The Amicus Curiae: A Friend In Need is a Friend, Indeed

The Amicus Curiae: A Friend in Need is a Friend, Indeed

By Rachel Totten Keith

Every day in U.S. courtrooms, judges, jurors, and litigants are called to make decisions based on laws and court room procedures that they may or may not be familiar with, especially the newer and more complex laws. For each case, the court “will mainly hear only the evidence and testimony from those witnesses the parties choose to present,” according to attorney Marc L. Penchansky. “This could be disconcerting when the holding has potentially large and universal impact on a profession, an activity or an industry.” It almost seems unjust to hinge a a potential controversial policy on litigants whose scope of arguments are limited by the court itself.


Latin for “friend of the court,” amici curiae have been used by courts since ancient Rome and since the 19th century in United States courts, but only in the last hundred years has the amicus curiae become an indispensable part of the U.S. legal system. Initially, amici curiae provided specific advice and information to the judiciary. Now, they primarily represent a third-party’s interests for a myriad of reasons. Cornell University Law School defines an amicus curiae as, “a person or group who is not a party to a lawsuit, but has a strong interest in the matter, will petition the court for permission to submit a brief in the action with the intent of influencing the court’s decision.” Amici are considered beneficial by the U.S. Supreme Court, according to Rule 37.1 of the Rules of the Supreme Court of the United States. The rule states that as long as amici introduce new information to the court, “. . .they may be of considerable help to the Court.” However, an amicus brief that does not serve this purpose, “burdens the Court, and its filing is not favored.”


Interest groups and political action committees use amicus briefs as a highly visible and cost-effective way to influence the courts, gain exposure, and advocate for their position, especially on policy-oriented issues (Neubauer and Meinhold 208).  First, amicus briefs are one component of a strategy that organizations use to support a litigant without directly sponsoring or representing the litigant themselves. These organizations actively seek cases in which a potential outcome would negatively affect its members or establish a dangerous precedent contrary to that movement’s cause. As an amicus curiae, the collective group can inform the judiciary of the far-reaching consequences and implications on society, as a result of a disposition.  The outcomes of the lawsuits “facilitate the development of legal doctrine useful to their cause” (Neubauer and Meinhold 427).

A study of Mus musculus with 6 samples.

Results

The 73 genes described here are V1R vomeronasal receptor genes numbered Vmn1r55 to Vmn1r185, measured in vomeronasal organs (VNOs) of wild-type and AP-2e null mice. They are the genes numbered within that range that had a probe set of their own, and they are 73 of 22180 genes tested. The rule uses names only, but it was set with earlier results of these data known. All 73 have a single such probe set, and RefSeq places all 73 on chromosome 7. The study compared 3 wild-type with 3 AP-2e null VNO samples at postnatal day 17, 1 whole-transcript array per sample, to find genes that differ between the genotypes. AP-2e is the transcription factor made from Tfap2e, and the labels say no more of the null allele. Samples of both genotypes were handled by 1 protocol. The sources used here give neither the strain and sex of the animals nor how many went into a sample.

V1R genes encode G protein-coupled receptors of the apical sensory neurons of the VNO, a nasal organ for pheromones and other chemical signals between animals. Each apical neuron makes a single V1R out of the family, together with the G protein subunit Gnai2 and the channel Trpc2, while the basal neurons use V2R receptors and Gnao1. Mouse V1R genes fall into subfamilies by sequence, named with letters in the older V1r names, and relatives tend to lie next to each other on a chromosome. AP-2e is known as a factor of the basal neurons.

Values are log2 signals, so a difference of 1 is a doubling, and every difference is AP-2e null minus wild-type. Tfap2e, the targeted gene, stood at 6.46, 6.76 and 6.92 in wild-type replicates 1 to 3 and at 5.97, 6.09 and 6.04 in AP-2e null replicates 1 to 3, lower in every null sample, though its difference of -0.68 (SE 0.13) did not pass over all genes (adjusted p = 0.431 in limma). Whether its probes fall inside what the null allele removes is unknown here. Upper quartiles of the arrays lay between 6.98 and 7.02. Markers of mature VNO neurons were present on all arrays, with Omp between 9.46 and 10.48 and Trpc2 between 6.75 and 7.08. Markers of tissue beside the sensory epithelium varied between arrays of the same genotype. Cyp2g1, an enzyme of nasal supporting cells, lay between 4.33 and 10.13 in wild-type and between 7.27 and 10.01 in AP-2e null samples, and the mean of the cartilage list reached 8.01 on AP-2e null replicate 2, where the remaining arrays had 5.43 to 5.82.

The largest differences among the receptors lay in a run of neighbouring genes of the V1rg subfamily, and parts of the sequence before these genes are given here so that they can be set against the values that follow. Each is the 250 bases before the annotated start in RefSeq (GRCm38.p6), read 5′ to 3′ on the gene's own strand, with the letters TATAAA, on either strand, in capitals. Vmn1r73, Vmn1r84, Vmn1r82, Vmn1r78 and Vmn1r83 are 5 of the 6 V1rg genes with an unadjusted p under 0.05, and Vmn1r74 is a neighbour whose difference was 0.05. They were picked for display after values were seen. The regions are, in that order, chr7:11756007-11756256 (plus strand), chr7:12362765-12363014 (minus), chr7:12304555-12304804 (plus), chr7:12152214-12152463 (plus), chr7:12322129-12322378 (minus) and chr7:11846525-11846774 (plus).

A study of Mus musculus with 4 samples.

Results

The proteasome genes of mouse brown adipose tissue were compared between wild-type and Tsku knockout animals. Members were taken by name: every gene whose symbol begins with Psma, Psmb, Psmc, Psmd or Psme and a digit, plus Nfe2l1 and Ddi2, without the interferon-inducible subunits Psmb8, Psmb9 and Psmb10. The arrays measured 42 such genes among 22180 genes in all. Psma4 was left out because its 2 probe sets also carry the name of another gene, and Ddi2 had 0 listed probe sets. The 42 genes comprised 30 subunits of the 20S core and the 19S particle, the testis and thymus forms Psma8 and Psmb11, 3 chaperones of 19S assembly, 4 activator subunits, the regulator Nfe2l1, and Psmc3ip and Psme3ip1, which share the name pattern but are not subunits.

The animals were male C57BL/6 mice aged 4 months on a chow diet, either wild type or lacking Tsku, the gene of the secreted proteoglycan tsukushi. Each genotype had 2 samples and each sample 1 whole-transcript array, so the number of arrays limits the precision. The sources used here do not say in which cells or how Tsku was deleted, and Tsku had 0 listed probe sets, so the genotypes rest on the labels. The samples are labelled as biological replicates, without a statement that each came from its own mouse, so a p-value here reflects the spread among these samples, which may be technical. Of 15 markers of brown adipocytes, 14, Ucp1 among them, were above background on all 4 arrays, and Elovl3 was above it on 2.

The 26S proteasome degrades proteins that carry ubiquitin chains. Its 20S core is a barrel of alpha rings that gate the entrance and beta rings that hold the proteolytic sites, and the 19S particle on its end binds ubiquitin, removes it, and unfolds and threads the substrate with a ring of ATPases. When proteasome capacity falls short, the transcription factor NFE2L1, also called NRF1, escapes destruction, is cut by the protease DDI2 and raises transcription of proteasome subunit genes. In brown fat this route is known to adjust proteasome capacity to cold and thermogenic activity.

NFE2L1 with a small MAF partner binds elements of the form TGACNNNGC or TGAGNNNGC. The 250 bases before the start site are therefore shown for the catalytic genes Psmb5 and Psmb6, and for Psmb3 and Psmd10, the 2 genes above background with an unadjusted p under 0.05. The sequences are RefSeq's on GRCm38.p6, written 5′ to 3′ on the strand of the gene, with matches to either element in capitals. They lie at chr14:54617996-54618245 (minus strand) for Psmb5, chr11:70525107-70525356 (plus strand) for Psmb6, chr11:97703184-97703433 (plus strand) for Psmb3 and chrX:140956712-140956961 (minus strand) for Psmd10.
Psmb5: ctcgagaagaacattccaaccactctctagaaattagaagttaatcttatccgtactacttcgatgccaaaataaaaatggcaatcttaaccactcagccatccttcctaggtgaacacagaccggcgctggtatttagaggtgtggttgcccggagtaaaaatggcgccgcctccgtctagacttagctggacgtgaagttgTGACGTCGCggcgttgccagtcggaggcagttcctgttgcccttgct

In contrast, experts, think-tanks, and non-profit corporations file amicus briefs for opportunities to educate the court on an issue that they have studied extensively and that may be affected. Subject-matter experts also file briefs when the court requires merely a more technical understanding of the expert’s field in order to make a more informed judgment (Bona). Participating in the U.S. legal system by writing amicus briefs can enhance an expert’s academic résumé and reputation.

Because the amicus curiae’s arguments are not limited to the facts of the case as the litigants’ arguments, there is a wide latitude to present arguments that discuss historical cases, sympathetic statements, and to further explore arguments a party did not have time or resources to properly conclude. Amicus briefs provide the opportunity to introduce information that is related, but otherwise would not be a part of a litigant’s argument.


In the term from 2014-2015, 98% of Supreme Court cases included amicus briefs. In fact, amici curiae “filed 781 briefs in argued cases, averaging about 12 per case. That’s more than double the briefs-per-case filed in the 1990s, and 12 times those filed in the 1940s-1950s” (Franze and Anderson). In lawsuits that the U.S. government has a significant interest, the Solicitor General files amicus briefs on behalf of the executive branch, representing the president.  At all levels, amici curiae can file briefs on the behalf of the government, a common example being when states file briefs with the Supreme Court over how a ruling would affect its people.


Because of the pervasiveness of interest groups and the mounting frustration with a bloated, sluggish government, it is no wonder the popularity and frequency of amicus briefs have exploded over the past twenty years, from the appellate level to the Supreme Court. It is more cost effective for organizations, such as non-profits, activists, and interest groups, to file briefs to advocate their position than support litigants directly. In fact, filing an amicus brief is a win-win situation—attorneys get free publicity and a chance to do some creative writing with the amicus curiae, the amici curiae get free publicity and support for their cause, and the litigants get free legal support; the amicus curiae is a “friend,” indeed.


Works Cited

Penchansky, Marc L. “Let’s Be Friends: When to File an Amicus Curiae Brief.” Internet Brands, Inc., 2015. Web. 19 Nov 2015.

Cornell University Law School. “Wex.” LII, 2015. Web. 20 Nov 2015.

Neubauer, David W., and Stephen S. Meinhold. Judicial Process: Law, Courts, and Politics in the United States. Boston: Wadsworth, Cengage Learning, 2007. Print.

Bona, Jarod. “Why You Should Consider Filing an Amicus Brief in an Appellate Case.” Bona Law PC, 29 May 2015. Web. 1 Nov 2015.

Franze, Anthony J., and R. Reeves Anderson. “Record Breaking Term for Amicus Curiae in Supreme Court Reflects New Norm.”, 19 Aug 2015. Web. 20 Nov 2015.